September 2016
Volume 57, Issue 12
Open Access
ARVO Annual Meeting Abstract  |   September 2016
Potential protective role of the CB2 cannabinoid receptor system in the crosstalk between autophagy and cellular senescence of RPE cells
Author Affiliations & Notes
  • Shimon Ben-Shabat
    Biochemistry and Pharmacology, Ben Gurion University of the Negev, Beer Sheva, Israel
  • Orit Adir
    Kaplan Medical Center, Rehovot, Israel
  • Elie Beit-Yannai
    Biochemistry and Pharmacology, Ben Gurion University of the Negev, Beer Sheva, Israel
  • Zeev Dvashi
    Kaplan Medical Center, Rehovot, Israel
  • Ayala Pollack
    Kaplan Medical Center, Rehovot, Israel
  • Footnotes
    Commercial Relationships   Shimon Ben-Shabat, None; Orit Adir, None; Elie Beit-Yannai, None; Zeev Dvashi, None; Ayala Pollack, None
  • Footnotes
    Support  none
Investigative Ophthalmology & Visual Science September 2016, Vol.57, 5017. doi:



Purpose : Accumulation in the Retinal Pigment Epithelial (RPE) cells of A2E, a pyridinium bis-retinoid, has the potential to cause RPE cell death and may contribute to the RPE cell atrophy observed in AMD. The cannabinoid receptor system is present in human RPE cells and is intimately involved in the oxidative damage process, including that associated with AMD. It has been shown that levels of endocannabinoids are significantly increased in retinal tissue from AMD donors. This study aimed to investigate the crosstalk between autophagy and cellular senescence of RPE cells, on the in vitro AMD-A2E model in the presence and absence of cannabinoid (HU-308, a specific agonist of CB2).

Methods : By using A2E-loaded RPE cells we can mimic the oxidative stress taking place in AMD. The presence of autophagy and activation of the signalling pathway were assessed in the presence and absence of HU-308, a specific CB2 receptor agonist, by Western-blot analysis, flow-cytometry, ELISA and confocal microscope.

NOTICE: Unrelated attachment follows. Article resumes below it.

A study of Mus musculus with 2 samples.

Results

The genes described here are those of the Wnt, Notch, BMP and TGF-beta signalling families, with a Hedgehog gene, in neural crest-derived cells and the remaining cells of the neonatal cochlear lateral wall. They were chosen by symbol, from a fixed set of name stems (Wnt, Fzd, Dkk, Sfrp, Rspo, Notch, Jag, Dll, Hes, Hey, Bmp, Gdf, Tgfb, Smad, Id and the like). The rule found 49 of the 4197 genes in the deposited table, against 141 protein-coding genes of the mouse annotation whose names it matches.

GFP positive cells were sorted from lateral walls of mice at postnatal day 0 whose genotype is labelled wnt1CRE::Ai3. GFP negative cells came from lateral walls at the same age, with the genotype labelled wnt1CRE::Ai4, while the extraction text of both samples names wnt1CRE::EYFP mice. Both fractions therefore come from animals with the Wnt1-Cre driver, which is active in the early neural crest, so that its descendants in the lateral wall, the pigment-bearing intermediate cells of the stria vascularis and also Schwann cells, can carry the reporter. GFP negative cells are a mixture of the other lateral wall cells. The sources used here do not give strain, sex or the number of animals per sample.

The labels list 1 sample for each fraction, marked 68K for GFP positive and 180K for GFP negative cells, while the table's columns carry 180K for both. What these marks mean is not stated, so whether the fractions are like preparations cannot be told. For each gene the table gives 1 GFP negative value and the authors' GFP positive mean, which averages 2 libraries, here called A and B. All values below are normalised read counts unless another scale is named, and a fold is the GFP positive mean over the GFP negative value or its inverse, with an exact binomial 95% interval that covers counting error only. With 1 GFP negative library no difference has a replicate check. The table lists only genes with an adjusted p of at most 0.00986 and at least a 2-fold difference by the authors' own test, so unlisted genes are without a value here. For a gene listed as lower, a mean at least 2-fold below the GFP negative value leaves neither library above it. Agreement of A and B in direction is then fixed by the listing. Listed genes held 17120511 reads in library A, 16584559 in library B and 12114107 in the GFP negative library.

Results : Following oxidative stress (100μM H2O2), A2E significantly (p<0.05) reduced LC3-I and LC3-II, Bcl-2, p65 and MAPKs activity, compared to cells treated with H2O2 alone. In contrast HU-308 significantly (p<0.05) increased LC3-I and LC3-II, p65 and MAPKs activity indicating proper activation of the autophagy process. Higher positive SA-β-Gal staining was found in A2E treated cells vs. control. This effect was significantly (p<0.05) increased when H2O2 was added, while HU-308 successfully blocked the increase in SA-β-Gal staining halting the process of cellular senescence in these RPE cells.

Conclusions : This research demonstrates that A2E alone might induce cellular senescence of RPE cells and have negative affect on these cells. Moreover, these results demonstrate that the CB2 cannabinoid receptor system may attenuate AMD generated by the accumulation of A2E. This study is expected to select candidate therapeutic compounds that may contribute to delaying or arresting A2E-related toxicity to the RPE cells.

This is an abstract that was submitted for the 2016 ARVO Annual Meeting, held in Seattle, Wash., May 1-5, 2016.